Tweet We’re a cynical bunch aren’t we. If TV & Movies desensitize us to violence then the internet desensitizes us to charity & needs. I’ve had a couple of things happening recently that have highlighted the issues faced when wanting to or needing too raise funds online and just how hard it is becoming to [...]
We’re a cynical bunch aren’t we. If TV & Movies desensitize us to violence then the internet desensitizes us to charity & needs.
I’ve had a couple of things happening recently that have highlighted the issues faced when wanting to or needing too raise funds online and just how hard it is becoming to raise awareness and funds.
Lets take the case of my very good friend over at webhelp …
His parents were involved in a terrible accident and as a result his father will be out of work for months. Now Richard put up a post on his website informing people and asking if they would donate a small amount to a fund to help the family.
I wanted to help and shared this on my blog & with my friends on StumbleUpon. One of these friend raised a jolly good point saying
“I can’t support something I don’t know is real”
I appreciate her taking the time to tell me that and it got me thinking. See I have the luxury of working along side Rich and knowing he’s telling the truth – but how do you? We’ve all seen before emails sent around or sites set up to help some person – only to find out later it’s a hoax. Have we become desensitized to real need?
People have suggested that adding media to the post would help create some realism around it. Should someone have to post photos of an accident or someone in hospital to verify a story? And does that help – I took less than a minute to find the car crash image attached here (thanks to Branox @ sxc.hu). It’s not of their accident – but you wouldn’t know that. Do we want images on the site to feed our desire to see destruction & hurt, or do we really want to verify the truth in the post?
Why is it now we can’t believe what we read?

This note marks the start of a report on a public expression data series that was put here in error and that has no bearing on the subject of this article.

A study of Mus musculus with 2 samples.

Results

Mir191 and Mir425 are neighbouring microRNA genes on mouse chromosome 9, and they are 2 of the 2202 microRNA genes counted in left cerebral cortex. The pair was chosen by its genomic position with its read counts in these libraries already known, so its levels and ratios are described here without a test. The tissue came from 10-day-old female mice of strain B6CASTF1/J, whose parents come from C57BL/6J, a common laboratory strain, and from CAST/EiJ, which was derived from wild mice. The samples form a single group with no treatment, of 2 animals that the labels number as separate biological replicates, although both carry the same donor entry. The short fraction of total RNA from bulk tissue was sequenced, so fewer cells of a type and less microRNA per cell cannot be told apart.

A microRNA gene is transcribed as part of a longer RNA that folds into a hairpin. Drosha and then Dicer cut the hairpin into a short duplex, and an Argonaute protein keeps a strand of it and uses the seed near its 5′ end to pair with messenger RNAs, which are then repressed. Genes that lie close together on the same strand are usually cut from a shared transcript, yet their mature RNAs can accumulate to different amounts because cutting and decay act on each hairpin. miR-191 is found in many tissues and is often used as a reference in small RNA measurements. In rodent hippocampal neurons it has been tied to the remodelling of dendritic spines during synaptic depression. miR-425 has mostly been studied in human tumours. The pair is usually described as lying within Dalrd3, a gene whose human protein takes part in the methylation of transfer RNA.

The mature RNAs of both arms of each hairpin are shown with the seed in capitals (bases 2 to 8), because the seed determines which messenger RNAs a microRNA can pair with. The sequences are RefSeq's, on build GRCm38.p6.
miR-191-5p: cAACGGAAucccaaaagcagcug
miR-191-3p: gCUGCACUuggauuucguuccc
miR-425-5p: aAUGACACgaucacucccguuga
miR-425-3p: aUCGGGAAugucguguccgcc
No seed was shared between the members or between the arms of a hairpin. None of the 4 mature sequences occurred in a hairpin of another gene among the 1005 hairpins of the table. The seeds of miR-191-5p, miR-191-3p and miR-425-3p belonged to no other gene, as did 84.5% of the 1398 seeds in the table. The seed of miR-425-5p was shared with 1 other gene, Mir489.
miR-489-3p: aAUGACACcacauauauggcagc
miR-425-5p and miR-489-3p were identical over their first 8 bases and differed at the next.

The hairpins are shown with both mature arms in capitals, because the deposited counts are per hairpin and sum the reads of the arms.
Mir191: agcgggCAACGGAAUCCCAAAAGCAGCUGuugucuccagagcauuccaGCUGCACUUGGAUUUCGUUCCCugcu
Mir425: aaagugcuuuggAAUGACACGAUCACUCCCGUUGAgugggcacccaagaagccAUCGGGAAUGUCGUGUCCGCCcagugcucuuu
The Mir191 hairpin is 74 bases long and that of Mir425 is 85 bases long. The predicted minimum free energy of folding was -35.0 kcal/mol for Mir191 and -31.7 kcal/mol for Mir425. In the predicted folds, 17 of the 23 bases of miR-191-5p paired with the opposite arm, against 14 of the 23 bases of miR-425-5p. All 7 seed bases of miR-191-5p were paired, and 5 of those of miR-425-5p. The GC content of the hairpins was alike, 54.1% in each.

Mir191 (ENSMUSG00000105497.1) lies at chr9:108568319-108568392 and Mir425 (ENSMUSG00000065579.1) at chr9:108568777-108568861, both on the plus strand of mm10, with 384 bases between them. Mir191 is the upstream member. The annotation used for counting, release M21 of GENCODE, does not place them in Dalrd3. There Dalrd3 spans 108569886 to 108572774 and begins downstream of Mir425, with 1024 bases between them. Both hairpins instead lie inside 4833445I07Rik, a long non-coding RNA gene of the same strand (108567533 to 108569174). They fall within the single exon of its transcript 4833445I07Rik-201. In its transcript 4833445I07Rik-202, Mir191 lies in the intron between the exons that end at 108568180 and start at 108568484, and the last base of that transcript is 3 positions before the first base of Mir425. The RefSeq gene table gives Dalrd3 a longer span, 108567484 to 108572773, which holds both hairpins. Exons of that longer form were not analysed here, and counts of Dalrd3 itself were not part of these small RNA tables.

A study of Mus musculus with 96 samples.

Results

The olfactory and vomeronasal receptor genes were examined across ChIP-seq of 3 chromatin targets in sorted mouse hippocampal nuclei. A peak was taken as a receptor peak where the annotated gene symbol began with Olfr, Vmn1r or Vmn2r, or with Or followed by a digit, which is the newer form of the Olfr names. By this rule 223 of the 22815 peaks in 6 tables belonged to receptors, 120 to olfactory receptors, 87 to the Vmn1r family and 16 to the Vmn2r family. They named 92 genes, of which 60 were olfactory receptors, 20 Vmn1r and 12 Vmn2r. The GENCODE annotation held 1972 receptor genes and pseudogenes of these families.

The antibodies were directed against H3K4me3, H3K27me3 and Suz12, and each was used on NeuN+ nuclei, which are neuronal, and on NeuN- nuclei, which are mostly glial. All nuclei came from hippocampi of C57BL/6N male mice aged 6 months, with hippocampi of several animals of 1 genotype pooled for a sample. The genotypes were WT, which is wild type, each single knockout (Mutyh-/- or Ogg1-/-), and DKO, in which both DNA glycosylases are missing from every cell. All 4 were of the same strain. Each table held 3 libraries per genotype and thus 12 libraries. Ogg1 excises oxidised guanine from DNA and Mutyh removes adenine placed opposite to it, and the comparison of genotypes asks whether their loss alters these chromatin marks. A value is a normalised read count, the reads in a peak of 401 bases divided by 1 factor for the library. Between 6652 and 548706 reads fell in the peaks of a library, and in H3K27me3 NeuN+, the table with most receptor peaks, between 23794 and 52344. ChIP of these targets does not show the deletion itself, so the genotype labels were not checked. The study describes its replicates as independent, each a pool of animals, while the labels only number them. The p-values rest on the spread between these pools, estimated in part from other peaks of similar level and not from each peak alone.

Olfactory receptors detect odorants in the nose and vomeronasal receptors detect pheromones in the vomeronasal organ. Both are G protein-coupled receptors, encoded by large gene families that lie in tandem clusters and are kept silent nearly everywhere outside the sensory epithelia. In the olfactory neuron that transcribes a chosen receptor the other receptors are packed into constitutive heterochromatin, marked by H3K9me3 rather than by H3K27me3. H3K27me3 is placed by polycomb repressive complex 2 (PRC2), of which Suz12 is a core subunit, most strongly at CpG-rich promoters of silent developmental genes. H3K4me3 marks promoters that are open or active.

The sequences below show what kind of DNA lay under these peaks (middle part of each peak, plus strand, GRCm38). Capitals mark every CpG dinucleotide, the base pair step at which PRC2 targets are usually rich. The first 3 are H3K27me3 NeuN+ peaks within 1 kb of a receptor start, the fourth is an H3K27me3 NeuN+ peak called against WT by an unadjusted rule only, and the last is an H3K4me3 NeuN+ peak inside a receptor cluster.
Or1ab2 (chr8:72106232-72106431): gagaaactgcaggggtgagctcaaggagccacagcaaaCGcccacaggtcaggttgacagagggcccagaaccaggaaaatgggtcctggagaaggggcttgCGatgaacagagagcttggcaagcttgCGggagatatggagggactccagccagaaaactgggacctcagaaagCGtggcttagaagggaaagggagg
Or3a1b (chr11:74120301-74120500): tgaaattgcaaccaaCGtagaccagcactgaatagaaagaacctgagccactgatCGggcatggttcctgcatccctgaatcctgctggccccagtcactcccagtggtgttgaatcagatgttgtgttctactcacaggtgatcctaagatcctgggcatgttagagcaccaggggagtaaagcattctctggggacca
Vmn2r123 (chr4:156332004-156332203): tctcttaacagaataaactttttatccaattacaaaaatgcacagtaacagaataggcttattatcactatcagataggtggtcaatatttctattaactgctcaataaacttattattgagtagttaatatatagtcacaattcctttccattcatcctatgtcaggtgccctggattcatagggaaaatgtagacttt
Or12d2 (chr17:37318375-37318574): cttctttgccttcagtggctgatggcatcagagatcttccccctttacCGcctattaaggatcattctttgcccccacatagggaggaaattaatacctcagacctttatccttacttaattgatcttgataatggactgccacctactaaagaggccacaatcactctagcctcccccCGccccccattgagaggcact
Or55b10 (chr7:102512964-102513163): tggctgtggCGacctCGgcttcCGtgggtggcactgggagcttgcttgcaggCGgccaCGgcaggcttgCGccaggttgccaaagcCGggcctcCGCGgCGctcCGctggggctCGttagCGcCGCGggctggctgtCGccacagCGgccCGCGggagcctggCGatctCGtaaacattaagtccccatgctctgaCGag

Here is another example. I created a website www.easyidiottest.com as a way to have a laugh and raise some funds for charity. Now I realise I made a fundamental mistake by saying that 10% would go to charity for the first month and 100% from then on. I didn’t clarify that 10% was for the first month only and the 90% was to cover initial site set up. I didn’t initially see the site as 100% for charity – however everyone else did. I made 3 fundamental mistakes
- I didn’t provide full disclosure of financial breakdown
- I had incorrect wording on the site – from throwing the site together too fast
- I didn’t update the site quickly enough to say Studiowhiz would cover costs so that 100% could go to charity
I’m also now going to have to fully rethink the site because the charities do not want to be associated with the word “idiot” – fair enough. So through me not thinking through ramifications of my actions fully – I feel I am now partly to blame for people not trusting what they see/read online.
Studiowhiz.com in the past has been known to raise significant amounts for people in need. One such instance saw us raise enough money to purchase a special needs laptop and interface equipment for a child suffering Cerebral Palsy. We whipped around a few websites and raised over US$1500. We had one huge advantage. The girls father was an active member of our community – we knew & many of us had shared in his journey (and still do).
I know donations have come in for Rich’s parents and on behalf of Rich I want to thank those who read about this on Studiowhiz and donated.
I welcome your comments – and would welcome your thoughts around:
- How do you create honesty in a post asking for funds – eg: webhelp’s post?
- Is it harder to believe what you read online today?
- What can groups do to encourage fund raising online (eg: a youth group or charity that is NOT a big well known multinational charity)?